By Mike Bush
Florissant, MO (KSDK) - A photo never tells the whole picture. You'd never know from these snapshots for instance, that Jake Vollmer was born with a deadly disease.
"He never crawled," said his mom, Julie. "He'd scoot on his butt and scoot along the floor."
When he was just a toddler, Jake was diagnosed with Duchenne Muscular Dystrophy, the most severe form of MD. Instead of getting stronger, the disease causes muscles to get weaker as you grow.
We first met Jake when he was just 8-years-old at MDA Camp. At the time, he could still walk and even run but soon after reality hit home.
"When he started tripping and falling because his muscles were getting weaker," said Julie. "It was tough because then you can't deny it."
Fast forward to 2012 and meet 19-year-old Jake Vollmer, the high school graduate and St. Louis Cardinals fanatic. One need spend just a few minutes in his bedroom to realize his favorite color was red.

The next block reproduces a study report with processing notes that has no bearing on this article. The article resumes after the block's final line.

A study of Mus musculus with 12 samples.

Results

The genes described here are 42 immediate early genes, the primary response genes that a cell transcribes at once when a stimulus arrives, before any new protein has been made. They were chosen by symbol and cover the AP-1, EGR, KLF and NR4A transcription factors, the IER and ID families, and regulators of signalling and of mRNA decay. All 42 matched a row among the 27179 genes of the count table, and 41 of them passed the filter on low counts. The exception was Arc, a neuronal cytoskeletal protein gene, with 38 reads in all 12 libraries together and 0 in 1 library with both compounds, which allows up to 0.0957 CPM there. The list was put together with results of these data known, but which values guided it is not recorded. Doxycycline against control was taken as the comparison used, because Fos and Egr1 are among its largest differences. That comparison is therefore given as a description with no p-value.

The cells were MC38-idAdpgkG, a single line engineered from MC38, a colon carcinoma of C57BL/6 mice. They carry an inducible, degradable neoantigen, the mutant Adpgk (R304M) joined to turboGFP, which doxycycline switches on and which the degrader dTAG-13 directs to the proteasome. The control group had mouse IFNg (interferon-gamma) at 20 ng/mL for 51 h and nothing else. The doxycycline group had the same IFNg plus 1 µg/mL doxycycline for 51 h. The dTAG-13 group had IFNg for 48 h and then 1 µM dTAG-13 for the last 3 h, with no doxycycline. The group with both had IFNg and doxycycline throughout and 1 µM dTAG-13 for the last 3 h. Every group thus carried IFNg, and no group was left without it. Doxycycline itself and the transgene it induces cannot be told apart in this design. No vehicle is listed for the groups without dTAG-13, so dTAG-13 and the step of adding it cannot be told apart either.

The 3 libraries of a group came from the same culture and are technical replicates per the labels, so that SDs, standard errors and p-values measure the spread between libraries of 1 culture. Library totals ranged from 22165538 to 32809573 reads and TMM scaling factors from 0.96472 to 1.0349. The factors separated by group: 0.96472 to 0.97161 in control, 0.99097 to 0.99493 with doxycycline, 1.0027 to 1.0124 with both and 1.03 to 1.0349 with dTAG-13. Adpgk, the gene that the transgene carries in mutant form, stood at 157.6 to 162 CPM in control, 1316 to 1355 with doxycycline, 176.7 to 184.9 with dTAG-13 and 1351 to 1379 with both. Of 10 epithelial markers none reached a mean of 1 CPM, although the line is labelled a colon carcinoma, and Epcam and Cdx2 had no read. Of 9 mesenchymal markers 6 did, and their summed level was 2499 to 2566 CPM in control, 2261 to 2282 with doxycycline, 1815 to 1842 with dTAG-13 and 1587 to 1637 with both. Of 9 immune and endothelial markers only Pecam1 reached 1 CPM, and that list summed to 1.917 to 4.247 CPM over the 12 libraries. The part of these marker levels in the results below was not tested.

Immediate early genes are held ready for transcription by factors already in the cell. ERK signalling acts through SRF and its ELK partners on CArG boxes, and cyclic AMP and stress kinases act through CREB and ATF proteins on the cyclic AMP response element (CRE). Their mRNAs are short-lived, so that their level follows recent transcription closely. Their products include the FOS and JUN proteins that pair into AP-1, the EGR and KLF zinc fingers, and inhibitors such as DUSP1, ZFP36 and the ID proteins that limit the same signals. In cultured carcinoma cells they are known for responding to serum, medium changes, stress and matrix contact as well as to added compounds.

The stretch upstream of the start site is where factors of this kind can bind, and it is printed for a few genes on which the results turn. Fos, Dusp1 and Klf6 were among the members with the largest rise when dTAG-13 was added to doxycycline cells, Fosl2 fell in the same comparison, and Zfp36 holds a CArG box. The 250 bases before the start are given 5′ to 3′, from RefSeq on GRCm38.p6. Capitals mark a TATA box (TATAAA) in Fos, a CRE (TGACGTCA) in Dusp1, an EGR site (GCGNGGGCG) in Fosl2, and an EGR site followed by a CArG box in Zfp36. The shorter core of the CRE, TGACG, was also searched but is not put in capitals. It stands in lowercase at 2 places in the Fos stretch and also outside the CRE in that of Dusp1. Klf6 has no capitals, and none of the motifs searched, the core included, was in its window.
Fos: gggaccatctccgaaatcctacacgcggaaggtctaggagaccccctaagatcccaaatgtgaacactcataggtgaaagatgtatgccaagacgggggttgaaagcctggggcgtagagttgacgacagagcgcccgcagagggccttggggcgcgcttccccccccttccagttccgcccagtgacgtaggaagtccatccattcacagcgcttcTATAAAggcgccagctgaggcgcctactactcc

"He loves the Cardinals," said his mom. "He loves all sports, but the Cardinals and baseball, that's his thing."
In fact, his goal was to one day be a sportscaster for his favorite team.
"Play-by-play for the Cardinals," Jake said. "Because I like football, but I don't know as much about football."
For someone with MD, every year is a blessing. This past winter, Jake was rushed to the hospital with heart failure and spent several weeks in intensive care.
"One of the doctors told me he wasn't sure Jake was going to go home," said Julie.
But Jake bounced back to root on the Cardinals once more.
When asked about his favorite player, Jake Vollmer said, "Freese. David Freese."
It's one thing to have a favorite player, but it's another thing to get to meet him. With the help of the Cardinals, NewsChannel 5 arranged a day for Jake to watch batting practice, get some autographs and meet the World Series MVP. Jake said it was a great day.
Just two nights later, Jake, quietly and peacefully, passed away in his sleep. There is no cure for Muscular Dystrophy, but Jake fought it with courage and grace. Though he died still a student, he taught us all a lot: hope for tomorrow, but live for today.